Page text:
Daily briefs of the top news stories impacting Christians around the world.
In today's edition:
- Christians in Nigeria Plan a 50 Million People March
- Oklahoma Baptists Debate Necessity of Immersion Baptism
- Volunteers Urgently Needed to Repair Homes Devastated by Katrina
- To Tackle New Orleans' Needs, Baptists Designate 27 Zones
Christians in Nigeria Plan a 50 Million People March
December 26, is known as boxing day all over the world. But that date may no longer be known by Christians in Nigeria as boxing day, rather it will be regarded as JESUS DAY, if the plan for a JESUS 50 Million People March every December 26 succeeds. ASSIST News reports this march is being organized by World Rescue Ministries International (WORMINT). It is hoped that every church that calls the name Jesus will participate in the nation wide marching. This vision is taking Nigeria’s Christians by storm and thousands are daily embracing it as the mobilizing team, working under the auspices of WORMINT visit church after church sharing the vision of a great march of JESUS PEOPLE that will take place, come December 26, 2006 in all 36 states of Nigeria.
Oklahoma Baptists Debate Necessity of Immersion Baptism
AgapePress reports one of the largest Southern Baptist churches in Oklahoma will vote this weekend on a proposal that would eliminate immersion baptism as an essential for those who wish to join the church. Members of Henderson Hills Baptist Church of Edmond will vote on a proposal that would remove baptism by immersion as a requirement for church membership. An elder said the church will have no comment until after the vote. But in a column published in the Baptist Messenger, Henderson Hills' Pastor Dennis Newkirk said the church is concerned about those who physically cannot experience immersion due to a disability and for those under the conviction that sprinkling is baptism. But another Baptist clergyman, Pastor Rick Thompson of Council Road Baptist Church in Bethany, says while there is no biblical mandate for baptism as a church membership requirement, baptism is a matter of discipleship.
Volunteers Urgently Needed to Repair Homes Devastated by Katrina
Catholic Charities agencies in Louisiana and Mississippi are in desperate need of volunteers to clean or repair homes damaged nearly a year ago by Hurricane Katrina, according to Catholic Charities USA in Alexandria. Catholic News Service reports an estimated 92,000 houses in New Orleans and 200,000 houses in the surrounding area were severely damaged or destroyed by Hurricane Katrina. In Biloxi, Miss., where more than 65,000 homes were flood-damaged, people are still living in tents and trailers as they wait for aid. Houses that need to have moldy drywall and debris removed before they can be cleaned and renovated remain in poor condition because no one is available to do the initial cleanup work. "We're hurting," said Deacon John Ferguson, director of field operations for Catholic Charities in New Orleans. "We would normally be gutting 20-25 homes per week, but for the past several weeks, we have not had any volunteers. Perhaps it is because of summer vacations; perhaps it is because of the heat. But we are totally dependent on volunteers." "The need is greater than ever," he added in a statement released by Catholic Charities USA.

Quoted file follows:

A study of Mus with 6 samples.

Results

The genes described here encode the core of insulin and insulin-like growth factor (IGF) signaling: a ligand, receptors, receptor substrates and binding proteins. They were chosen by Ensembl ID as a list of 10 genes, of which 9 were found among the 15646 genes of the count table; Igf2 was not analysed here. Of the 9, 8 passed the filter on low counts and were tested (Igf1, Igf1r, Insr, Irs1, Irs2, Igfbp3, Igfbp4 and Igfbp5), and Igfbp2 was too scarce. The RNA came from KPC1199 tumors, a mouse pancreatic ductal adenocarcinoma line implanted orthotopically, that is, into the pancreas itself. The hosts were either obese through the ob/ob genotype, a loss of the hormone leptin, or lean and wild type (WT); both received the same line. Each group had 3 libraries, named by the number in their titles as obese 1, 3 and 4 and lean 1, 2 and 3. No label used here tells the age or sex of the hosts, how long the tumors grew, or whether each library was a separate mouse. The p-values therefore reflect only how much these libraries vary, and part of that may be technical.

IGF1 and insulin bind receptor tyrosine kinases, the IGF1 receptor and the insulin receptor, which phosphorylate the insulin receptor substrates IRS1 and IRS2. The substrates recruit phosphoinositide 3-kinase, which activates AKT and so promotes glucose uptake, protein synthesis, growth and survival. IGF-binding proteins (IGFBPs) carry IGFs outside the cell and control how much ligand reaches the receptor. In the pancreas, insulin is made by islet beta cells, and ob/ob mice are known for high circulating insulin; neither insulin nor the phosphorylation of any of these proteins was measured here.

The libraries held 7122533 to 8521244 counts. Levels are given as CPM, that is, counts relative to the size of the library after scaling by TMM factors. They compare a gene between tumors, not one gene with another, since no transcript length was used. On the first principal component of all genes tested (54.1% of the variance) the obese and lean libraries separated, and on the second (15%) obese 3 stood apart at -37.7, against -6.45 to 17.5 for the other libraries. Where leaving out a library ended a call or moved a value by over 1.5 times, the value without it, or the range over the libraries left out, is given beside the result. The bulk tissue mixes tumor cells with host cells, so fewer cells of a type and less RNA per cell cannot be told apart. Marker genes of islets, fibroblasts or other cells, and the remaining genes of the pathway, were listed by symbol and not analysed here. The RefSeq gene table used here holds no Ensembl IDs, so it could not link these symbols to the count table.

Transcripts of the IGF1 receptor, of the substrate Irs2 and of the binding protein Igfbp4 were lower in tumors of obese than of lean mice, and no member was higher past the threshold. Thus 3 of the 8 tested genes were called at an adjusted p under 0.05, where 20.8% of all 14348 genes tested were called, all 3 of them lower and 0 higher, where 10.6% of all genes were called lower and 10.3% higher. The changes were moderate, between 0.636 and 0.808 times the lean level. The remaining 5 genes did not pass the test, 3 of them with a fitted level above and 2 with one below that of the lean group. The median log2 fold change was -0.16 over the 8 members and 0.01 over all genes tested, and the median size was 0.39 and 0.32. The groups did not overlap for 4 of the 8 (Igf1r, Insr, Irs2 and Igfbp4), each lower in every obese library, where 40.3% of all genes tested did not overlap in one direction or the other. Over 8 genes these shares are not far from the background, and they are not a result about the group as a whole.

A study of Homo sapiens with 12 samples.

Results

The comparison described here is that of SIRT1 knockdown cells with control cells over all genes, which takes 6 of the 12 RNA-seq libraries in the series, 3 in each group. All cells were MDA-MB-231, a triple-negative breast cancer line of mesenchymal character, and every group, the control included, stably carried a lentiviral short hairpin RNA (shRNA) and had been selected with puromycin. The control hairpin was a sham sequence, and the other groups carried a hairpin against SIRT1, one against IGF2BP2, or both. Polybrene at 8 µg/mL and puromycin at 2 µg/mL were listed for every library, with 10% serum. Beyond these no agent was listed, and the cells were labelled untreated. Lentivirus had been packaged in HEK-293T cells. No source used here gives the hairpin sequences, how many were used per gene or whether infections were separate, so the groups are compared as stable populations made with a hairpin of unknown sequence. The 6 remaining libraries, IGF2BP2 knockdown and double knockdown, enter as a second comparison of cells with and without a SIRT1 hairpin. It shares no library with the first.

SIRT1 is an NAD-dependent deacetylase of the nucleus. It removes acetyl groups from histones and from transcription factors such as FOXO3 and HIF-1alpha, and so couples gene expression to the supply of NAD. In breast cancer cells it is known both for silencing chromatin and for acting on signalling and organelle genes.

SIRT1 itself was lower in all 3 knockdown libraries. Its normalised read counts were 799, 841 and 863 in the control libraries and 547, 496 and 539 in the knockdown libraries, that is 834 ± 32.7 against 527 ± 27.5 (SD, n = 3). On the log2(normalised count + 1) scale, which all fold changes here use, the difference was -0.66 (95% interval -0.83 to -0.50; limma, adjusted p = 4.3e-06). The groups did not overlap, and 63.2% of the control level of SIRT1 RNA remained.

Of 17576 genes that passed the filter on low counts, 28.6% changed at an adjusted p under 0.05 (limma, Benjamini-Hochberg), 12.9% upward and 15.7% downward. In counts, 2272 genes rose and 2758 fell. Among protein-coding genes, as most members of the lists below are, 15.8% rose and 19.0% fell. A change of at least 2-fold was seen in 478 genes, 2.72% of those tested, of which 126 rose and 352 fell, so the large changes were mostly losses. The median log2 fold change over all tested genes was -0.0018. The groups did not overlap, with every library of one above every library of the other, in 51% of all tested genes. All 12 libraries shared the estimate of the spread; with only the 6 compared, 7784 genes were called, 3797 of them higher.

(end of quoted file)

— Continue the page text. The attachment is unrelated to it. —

To Tackle New Orleans’ Needs, Baptists Designate 27 Zones
A new evangelistic plan for the New Orleans metropolitan area has been launched as a partnership involving the Baptist Association of Greater New Orleans, Louisiana Baptist Convention and North American Mission Board. Baptist Press reports the plan divides the New Orleans metropolitan area into 27 zones, each with at least one Southern Baptist church in it. Churches, associations and state/regional conventions across the SBC will be asked to partner with each zone. Arkansas already has adopted zone 1; Missouri, the lower half of zone 3. “We have four aims in this work,” said Richard Leach, director of evangelism and ministry for the North American Mission Board. “First, to assist the Louisiana Baptist Convention, BAGNO and the churches. Second, to engage volunteers. Third, to encourage the churches. And fourth, to share with all of Southern Baptists and the world through the media what is happening here.”